Standared Deviation Formula...what is it actually giving me?

bgromis

New Member
Joined
Oct 4, 2006
Messages
1
Hey all,

I am new to the forums, but a long time site user and I was hopeing someone out there would be able to help me figure this out.

I am working on a project in which we are attempting to compare some recorded numbers.

What we have:
A = the number of issues assigned to a specific person
B = the percentage of the number of issues assigned to the person that were completed on time
C = the sum of all issues assigned to all the users

What we are looking to do:
We want to use the A and B values from above to establish a ranking system that will allow us to determine who is doing the best overall. We need to take into account the number of issues that were assigned to make sure that someone that attends to 100 issues and is on time 100% gets more credit than someone who attends to 10 issues and is on time 100%. It does not matter how they are ranked or with what values, as long as it is a consistent result.

The formula I have in Excel right now:
=STDEV(A,B,C)

What it is giving to me:
It is giving me a number that appears to be correct, but it is inverted. So the lower the number, the better the score.

Problems:
There are two of these.
1) What is this number that Excel is giving to me? I have asked multiple people and attempted to find answers on the web, but was unable to find anything.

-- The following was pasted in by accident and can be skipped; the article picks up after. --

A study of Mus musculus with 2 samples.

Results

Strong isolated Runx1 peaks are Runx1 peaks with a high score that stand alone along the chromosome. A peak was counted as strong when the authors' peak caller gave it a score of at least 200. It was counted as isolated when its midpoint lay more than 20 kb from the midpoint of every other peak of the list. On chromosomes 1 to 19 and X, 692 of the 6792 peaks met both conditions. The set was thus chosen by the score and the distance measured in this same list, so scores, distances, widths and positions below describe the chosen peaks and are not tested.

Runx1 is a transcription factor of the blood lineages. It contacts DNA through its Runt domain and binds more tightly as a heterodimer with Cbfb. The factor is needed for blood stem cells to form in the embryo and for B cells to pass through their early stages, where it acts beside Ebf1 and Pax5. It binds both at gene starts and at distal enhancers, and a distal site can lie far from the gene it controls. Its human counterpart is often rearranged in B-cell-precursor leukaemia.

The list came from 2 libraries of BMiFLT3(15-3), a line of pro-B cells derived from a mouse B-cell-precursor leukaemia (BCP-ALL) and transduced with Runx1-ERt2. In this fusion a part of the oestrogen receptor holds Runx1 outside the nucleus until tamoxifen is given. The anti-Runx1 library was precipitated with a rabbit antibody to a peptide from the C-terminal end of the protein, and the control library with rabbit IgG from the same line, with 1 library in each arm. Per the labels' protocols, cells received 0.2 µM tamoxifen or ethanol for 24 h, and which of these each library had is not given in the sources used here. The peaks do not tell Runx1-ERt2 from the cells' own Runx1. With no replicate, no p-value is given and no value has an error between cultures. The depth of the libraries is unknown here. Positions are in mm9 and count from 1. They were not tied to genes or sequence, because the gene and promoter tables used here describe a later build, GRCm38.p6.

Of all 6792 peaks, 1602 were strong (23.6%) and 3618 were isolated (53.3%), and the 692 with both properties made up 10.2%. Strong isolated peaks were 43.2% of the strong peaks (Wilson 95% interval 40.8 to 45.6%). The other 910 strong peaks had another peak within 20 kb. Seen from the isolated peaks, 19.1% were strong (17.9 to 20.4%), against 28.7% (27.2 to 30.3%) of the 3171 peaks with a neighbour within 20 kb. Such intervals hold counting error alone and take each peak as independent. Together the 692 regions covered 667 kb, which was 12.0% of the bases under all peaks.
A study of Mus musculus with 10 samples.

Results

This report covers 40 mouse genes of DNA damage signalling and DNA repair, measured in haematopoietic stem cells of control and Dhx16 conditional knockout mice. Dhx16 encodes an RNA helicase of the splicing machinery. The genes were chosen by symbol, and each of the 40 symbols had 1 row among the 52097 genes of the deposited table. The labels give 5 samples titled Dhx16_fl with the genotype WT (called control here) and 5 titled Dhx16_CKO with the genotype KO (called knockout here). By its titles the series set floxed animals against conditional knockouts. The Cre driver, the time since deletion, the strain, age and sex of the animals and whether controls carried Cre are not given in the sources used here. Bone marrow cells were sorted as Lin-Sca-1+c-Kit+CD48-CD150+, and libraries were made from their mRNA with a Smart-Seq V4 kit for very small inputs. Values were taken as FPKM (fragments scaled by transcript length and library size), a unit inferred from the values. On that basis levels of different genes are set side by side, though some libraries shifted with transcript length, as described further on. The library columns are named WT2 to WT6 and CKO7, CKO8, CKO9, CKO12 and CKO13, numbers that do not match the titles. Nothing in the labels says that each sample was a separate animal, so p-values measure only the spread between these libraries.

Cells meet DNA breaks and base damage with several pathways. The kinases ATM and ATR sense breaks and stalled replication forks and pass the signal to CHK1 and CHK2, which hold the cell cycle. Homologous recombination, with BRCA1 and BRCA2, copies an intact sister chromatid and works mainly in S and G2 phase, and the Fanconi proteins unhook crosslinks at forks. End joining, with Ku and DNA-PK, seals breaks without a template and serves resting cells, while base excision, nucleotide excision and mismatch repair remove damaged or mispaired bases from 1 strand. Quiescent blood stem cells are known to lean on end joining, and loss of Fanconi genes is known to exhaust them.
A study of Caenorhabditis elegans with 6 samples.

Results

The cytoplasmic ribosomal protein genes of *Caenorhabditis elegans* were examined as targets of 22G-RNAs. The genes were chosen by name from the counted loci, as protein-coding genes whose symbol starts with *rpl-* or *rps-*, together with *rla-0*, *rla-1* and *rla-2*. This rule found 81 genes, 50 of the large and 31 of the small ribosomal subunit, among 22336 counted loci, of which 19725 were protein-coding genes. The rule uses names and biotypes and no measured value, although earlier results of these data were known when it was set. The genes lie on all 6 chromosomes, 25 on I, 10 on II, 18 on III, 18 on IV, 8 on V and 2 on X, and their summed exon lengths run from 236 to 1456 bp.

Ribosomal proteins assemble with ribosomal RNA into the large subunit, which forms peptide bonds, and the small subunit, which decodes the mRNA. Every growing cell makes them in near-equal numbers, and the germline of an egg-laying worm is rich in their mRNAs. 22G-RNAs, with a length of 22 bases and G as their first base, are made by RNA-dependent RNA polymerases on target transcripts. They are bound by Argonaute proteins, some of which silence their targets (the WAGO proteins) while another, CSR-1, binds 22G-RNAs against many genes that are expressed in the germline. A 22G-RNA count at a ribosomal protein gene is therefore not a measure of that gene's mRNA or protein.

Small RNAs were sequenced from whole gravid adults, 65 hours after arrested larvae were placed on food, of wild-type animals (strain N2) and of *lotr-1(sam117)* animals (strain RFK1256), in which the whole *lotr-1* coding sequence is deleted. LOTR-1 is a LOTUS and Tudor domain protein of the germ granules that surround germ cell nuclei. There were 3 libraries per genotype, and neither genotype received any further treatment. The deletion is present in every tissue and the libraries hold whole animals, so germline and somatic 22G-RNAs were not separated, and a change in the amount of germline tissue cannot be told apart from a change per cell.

2) Is there a better way to do this without macros?

Thanks all for the help!
Brandon
 


MrExcel MVP
Joined
Jul 21, 2002
Messages
73,092
Here is a layman's explanation of standard deviation:

http://www.robertniles.com/stats/stdev.shtml

In your case I don't think your formula is producing anything meaningful, because the values used are far from normally distributed. In the example below you will see that a person who completes 100% of 100 issues on time has the same standard deviation as the person who completes 75% of 100 issues on time. Column E shows the longhand calculation of standard deviation. The formula in E2 is:

=SQRT(SUM((A2-AVERAGE(A2:C2))^2,(B2-AVERAGE(A2:C2))^2,(C2-AVERAGE(A2:C2))^2)/(COLUMNS(A2:C2)-1))

copied down.

The example shows a possible scoring formula by computing on time issues/total ontime issues and multiplying that by percent on time/total percent on time. I'm not an expert on maths or statistics, but the wieghting looks reasonable. The formula in F2 is:

=((A2*B2)/SUMPRODUCT($A$2:$A$6,$B$2:$B$6)*100)*(B2/(SUMPRODUCT($A$2:$A$6,$B$2:$B$6)/SUM($A$2:$A$6)))

copied down.
Book12
ABCDEF
1IssuesOn TimeTotalStDevStDevScore
2100100%43022522549
310100%4302452455
42050%4302432432
510075%43022522528
620050%43021521525
743069%
Sheet1
 

PolarBear

Board Regular
Joined
Sep 26, 2005
Messages
215
Just curious - are all issues "equal", in the sense that they provide the same challenge? If the guy who gets 10 very difficult things done on time gets ranked well below the guy who gets 100 very easy things done on time, I'd say there's something wrong with your metric.

Also, are there unresolved issues? Is any issue not solved "on time" considered unresolved, or do you have three categories, "on time", "solved but late", and "unsolved"?

If you had a numerical weighting for difficulty, then you could consider something like Score = issues resolved/issues presented * % issues solved on time * average(weights of resolved issues). Of course, this presumes all three things are equal. If on-time is twice as important as the rest, you might need to use a weighted score:

score = resolved/presented + 2*on-time + difficulty
 

Case250

Board Regular
Joined
Oct 4, 2006
Messages
54
Standard deviation in simple language gives you the average variation of each person from the mean. Probably not applicable to what you are after.